Unprecedented Choice to Stream Theatrical Digital Content for Free
At 8:00pm on December 10, 2015, up to 150 people were able to see a live production of the Off-Broadway musical Daddy Long Legs
at the Davenport Theatre in New York City’s Midtown. At the same time, as many people as cared to were able to see the exact same production live, through a digital streaming made available on DaddyLongLegsMusical.com/Livestream. In addition to watching the content on a computer, casting devices such as Apple TV, Roku, and Chromecast allowed anyone with these capabilities to watch the show live on their home television set. Beyond this, the streaming was unlocked for posting on social media sites such as facebook, so that individuals could extend the reach of this show through their own posts. According to the show’s producer Ken Davenport, this is the first time that a Broadway or Off-Broadway production has been screened live online for free. Similar services have existed for a while, but the difference is that the content has never before been both live and free. For example, BroadwayHD is a company that only launched this past October, with the intent to become a Netflix for theater service. That model relies on aggregating a lot of content to provider subscribes with an attractive library; Daddy Long Legs
will join this library following the free live streaming. In Britain, a similar company called Digital Theatre has been around for six years, since which time it has reached consumers in 190 countries and amassed over 3.3 million viewers, 70% of whom are outside the United Kingdom, and many of whom are in America. Also, the success of NBC's live showings of large scale musicals - last week's The Wiz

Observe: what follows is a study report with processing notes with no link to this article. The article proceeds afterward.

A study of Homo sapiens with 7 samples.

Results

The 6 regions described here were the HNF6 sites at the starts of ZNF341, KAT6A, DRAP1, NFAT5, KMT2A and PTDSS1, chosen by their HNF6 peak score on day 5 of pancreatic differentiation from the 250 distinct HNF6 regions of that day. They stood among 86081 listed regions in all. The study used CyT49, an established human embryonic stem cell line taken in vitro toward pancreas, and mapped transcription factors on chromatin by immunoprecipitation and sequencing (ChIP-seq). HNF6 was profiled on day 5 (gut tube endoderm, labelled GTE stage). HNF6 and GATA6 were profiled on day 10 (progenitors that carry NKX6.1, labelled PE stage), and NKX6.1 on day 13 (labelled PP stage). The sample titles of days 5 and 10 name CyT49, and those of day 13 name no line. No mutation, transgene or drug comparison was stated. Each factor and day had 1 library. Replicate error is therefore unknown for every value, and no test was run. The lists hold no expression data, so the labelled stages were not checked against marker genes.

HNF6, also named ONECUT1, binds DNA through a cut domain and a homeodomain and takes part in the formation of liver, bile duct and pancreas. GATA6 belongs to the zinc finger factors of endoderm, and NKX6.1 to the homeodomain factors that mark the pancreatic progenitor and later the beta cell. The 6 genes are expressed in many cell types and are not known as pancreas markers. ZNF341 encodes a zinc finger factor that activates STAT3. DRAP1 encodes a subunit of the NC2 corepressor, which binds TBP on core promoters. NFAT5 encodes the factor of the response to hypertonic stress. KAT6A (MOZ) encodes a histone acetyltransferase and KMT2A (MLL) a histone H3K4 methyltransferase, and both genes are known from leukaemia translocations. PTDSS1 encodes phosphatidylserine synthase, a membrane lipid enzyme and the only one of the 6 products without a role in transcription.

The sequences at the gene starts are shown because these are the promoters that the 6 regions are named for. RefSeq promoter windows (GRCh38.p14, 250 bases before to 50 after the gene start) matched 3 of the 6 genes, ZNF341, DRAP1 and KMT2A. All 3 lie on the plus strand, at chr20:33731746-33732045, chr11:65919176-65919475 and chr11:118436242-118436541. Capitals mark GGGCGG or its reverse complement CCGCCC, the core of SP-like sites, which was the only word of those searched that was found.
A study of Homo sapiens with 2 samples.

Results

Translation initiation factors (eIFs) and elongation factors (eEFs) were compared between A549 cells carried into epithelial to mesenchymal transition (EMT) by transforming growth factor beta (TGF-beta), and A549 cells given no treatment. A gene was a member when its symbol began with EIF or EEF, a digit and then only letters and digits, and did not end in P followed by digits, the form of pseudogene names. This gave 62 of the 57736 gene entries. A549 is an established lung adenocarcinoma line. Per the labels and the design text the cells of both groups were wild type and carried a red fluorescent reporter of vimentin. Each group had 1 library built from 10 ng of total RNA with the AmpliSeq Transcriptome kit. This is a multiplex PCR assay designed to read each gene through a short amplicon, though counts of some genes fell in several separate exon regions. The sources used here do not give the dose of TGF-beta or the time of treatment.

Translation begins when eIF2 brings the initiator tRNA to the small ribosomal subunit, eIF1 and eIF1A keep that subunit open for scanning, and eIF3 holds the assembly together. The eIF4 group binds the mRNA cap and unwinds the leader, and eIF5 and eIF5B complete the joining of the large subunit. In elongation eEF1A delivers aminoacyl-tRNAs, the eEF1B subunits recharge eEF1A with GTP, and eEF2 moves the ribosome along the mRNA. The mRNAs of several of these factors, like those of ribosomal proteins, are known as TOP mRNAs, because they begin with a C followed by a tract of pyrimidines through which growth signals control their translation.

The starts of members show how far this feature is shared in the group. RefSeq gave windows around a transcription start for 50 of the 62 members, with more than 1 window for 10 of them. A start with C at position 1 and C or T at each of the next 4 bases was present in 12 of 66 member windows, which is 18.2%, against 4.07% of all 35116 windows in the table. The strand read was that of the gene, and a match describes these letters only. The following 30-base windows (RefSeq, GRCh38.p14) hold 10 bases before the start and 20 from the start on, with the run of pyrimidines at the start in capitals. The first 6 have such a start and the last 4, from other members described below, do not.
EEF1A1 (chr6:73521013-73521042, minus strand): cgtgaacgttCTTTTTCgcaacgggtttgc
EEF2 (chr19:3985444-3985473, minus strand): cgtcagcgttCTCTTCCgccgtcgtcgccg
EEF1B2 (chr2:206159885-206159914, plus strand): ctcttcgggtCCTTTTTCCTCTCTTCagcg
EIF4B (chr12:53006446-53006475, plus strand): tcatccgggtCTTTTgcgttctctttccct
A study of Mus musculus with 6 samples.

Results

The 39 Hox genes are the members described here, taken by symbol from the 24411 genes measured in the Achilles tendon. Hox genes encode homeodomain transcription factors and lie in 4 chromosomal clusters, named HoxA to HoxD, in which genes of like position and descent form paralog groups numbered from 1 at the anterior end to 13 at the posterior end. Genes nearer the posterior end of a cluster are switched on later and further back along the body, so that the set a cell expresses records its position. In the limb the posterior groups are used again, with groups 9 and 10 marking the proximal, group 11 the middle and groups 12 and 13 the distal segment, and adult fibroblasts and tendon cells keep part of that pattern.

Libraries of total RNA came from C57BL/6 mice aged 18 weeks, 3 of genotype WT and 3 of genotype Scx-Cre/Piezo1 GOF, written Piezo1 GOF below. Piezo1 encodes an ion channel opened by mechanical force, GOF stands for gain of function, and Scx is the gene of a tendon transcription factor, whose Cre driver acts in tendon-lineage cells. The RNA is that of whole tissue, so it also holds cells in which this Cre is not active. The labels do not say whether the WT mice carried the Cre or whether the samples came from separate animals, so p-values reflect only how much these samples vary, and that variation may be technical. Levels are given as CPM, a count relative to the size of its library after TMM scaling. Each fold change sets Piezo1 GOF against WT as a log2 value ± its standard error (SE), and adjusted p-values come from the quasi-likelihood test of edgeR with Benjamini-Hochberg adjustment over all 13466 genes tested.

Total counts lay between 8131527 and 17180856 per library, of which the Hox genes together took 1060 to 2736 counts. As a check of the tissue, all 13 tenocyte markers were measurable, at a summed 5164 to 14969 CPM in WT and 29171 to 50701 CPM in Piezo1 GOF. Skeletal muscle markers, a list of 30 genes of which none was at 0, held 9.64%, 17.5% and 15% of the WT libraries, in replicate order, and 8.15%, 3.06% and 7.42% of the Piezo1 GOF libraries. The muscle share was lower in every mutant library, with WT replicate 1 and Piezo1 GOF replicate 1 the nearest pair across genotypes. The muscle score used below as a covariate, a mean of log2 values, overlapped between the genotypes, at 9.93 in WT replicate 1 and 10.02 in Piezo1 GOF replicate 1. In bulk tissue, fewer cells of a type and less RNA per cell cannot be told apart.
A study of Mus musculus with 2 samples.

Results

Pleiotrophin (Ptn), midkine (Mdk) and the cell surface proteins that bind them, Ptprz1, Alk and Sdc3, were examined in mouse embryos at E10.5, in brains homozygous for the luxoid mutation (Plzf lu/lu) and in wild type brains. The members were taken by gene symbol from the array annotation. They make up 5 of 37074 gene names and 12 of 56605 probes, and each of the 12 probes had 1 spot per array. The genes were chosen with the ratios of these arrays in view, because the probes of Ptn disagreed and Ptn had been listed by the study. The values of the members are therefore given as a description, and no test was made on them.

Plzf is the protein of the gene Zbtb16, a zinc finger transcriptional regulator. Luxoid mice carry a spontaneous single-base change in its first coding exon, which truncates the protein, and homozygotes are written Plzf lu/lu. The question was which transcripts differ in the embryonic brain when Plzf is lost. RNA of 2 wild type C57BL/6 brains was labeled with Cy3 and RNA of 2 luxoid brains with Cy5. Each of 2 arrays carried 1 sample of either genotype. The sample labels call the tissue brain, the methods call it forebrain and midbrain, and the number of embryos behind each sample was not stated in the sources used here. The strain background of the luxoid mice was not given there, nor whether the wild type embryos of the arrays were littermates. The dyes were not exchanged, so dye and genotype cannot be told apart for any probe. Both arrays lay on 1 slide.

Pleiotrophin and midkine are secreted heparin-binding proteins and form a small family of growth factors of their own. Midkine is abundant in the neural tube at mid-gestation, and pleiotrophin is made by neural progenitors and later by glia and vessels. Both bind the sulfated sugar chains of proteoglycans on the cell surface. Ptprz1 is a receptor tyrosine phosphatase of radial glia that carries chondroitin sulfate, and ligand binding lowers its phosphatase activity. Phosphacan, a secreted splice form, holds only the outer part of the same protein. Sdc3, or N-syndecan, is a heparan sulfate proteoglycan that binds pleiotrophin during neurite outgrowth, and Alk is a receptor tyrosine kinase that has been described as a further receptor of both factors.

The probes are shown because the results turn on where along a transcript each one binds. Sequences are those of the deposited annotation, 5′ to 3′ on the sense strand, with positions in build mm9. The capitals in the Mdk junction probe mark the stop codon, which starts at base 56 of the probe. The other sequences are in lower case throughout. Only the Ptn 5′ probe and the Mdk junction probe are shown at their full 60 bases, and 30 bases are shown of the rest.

attracted over 11 million viewers in one night - bodes well for the growth of digital theatrical viewership.
A Free Marketing Tool for a Small Scale Musical
It is too early to say whether this decision was a smart idea or not, and whether it will actually help spur ticket sales. However, producer Ken Davenport believes that digital streaming is the biggest audience development tool that the theatre industry is not presently embracing. That is only natural, as live theatre has always depending upon the impact of a live performance. However, with the success of such innovations as National Theatre Live, whereby shows from the National Theatre in London are broadcast to movie theaters around the world, although not necessarily live, there does seem to be room for growth in terms of audience interest in digital content derived from live theatre. Davenport said that he does not expect ticket sales to multiply overnight, but that it is a marketing event like any other, which he hopes will have a long-term impact on word of mouth. As the Davenport Theatre can only seat 150 people, word of mouth can only spread at a much slower rate than, say, Broadway shows, which can often accommodate 10,000 audience members in a week. Furthermore, the marketing budget for Off-Broadway shows is inherently much smaller than Broadway shows. Therefore, this could in fact be a relatively affordable way to tap into word of mouth for Off-Broadway, embracing present technological trends.
A Two-Hander Based on a 1912 Novel by Jean Webster
Daddy Long Legs
is a musical starring just two actors that is based on the novel of the same name by Jean Webster, published in 1912. The show has a book by John Caird, who also directs the show, and music and lyrics by Paul Gordon. The actors, who have both performed on Broadway in the past, are Megan McGinnis (Side Show
, Les Misérables
, Little Women
) and Adam Halpin (Glory Days
). The production received fairly positive reviews when it opened on September 27, 2015, with Alexis Soloski from The New York Times calling it “sweet” and “beautifully sung.” The story deals with an orphan girl who assumes her benefactor is an older man. She therefore dubs him Daddy Long Legs, but he is actually a young man who falls in love with her through her enthusiastic letters. He eventually sweeps her off her feet, and it ends happily ever after; this is why Soloski also calls the show “proto-feminist” and “occasionally unsettling.” Nevertheless, the play has the makings of an enjoyable night in the theatre – or as it happens, an enjoyable night lying on your own bed with your laptop, if you so choose.